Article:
Album Review: Illinois John Fever — Out Here Nobody Knows

Posted by Kent Williams | Oct 17, 2017 | Album Reviews

Illinois John Fever

Out Here Nobody Knows

Illinois John Fever are a country blues band that has been knocking around Iowa City for over a decade. The current incarnation is Sean Preciado Genell on vocals and guitar, Bob Hall on drums and Craig Klocke on guitar and dobro. (Full disclosure: Genell has contributed stories to Little Village.)

Founding member Dustin Busch left the band a few years back. Busch-era Illinois John Fever was rock-steady country blues. With Busch’s departure, their sound has become looser, with an almost-falling-apart character to their playing. Genell shouts the vocals as though microphones had never been invented. They have a backyard party vibe; they lock into steady grooves made more exciting by the occasional moments where they drop time.

The influence of 20th century blues legends like Mississippi Fred McDowell and Blind Willie McTell is strong, but Genell has his own concerns far removed from the bayous and cotton fields of the American South. “I need a friend other than my P.O.,” he sings in “Tar Hoss Rider,” a song about heroin abuse, whose lyric sheet features the notation “[Unintelligible junkie talk].” “Enemy Mine” is a political rant with intimations of paranoia and looming war, with the refrain, “Just waiting on the next time/the world’s gonna turn out fine.”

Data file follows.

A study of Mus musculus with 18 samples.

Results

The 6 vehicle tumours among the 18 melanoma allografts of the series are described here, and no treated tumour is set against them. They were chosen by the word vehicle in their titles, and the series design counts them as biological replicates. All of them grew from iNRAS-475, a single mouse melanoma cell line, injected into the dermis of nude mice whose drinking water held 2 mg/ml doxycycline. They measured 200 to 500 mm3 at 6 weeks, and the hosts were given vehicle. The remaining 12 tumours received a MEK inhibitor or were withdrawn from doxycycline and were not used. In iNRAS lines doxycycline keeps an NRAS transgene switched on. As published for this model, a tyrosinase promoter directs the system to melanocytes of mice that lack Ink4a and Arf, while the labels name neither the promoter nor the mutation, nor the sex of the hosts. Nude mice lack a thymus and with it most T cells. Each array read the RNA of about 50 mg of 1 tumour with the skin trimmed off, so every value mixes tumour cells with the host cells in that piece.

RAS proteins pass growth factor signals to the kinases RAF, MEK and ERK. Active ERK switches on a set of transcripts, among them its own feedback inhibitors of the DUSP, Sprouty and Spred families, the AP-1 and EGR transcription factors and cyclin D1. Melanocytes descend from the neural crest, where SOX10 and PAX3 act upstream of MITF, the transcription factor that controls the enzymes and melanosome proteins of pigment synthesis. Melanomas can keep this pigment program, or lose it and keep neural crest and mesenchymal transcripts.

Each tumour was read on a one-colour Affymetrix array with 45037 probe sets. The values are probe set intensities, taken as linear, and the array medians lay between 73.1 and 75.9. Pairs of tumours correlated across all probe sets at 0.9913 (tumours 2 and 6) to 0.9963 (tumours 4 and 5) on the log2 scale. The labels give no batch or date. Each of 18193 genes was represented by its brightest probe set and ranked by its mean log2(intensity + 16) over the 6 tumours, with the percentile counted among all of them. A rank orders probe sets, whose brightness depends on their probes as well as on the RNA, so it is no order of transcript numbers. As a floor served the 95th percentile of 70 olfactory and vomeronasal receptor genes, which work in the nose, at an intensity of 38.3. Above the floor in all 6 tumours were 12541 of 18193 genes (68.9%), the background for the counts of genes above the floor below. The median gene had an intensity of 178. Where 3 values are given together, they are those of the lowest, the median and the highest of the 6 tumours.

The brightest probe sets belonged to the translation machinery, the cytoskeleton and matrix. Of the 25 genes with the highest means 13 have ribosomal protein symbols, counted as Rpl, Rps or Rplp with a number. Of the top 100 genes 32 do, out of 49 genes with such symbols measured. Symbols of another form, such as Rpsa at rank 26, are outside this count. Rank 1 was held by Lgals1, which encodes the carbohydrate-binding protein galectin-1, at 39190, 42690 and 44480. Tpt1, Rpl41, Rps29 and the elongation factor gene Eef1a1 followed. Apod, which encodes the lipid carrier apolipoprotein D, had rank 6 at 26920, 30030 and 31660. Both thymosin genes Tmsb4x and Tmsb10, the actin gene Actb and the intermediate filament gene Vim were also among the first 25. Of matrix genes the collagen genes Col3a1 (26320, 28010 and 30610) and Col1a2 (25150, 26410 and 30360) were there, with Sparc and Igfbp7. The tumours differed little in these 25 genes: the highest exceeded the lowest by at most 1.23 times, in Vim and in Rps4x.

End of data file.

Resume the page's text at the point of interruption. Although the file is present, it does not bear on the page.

The meditative album closer, “Emily Maxwell,” is sort of a meta-blues, recalling Robert Johnson’s “Love In Vain” with its famous lines “when the train left the station it had two lights on behind/the blue light was my baby and the red light was my mind.” Genell’s lyric is less mournful, though, almost a kiss off, as when he sings “I ain’t gonna walk you to the station/I’ve got no mind for red lights.” Johnson’s song is a desolate lament, but Genell’s version is an impatient send off.

The blues is a musical form with a strict template; it’s hard to play with any originality. Illinois John Fever gets around the rules by playing fast and loose; they sing and play what they know and don’t pretend they’re anything they ain’t. Most of all, they have fun with these shaggy, shambling, ranting songs—and if the band is having a good time, so will you.

This article was originally published in Little Village issue 230.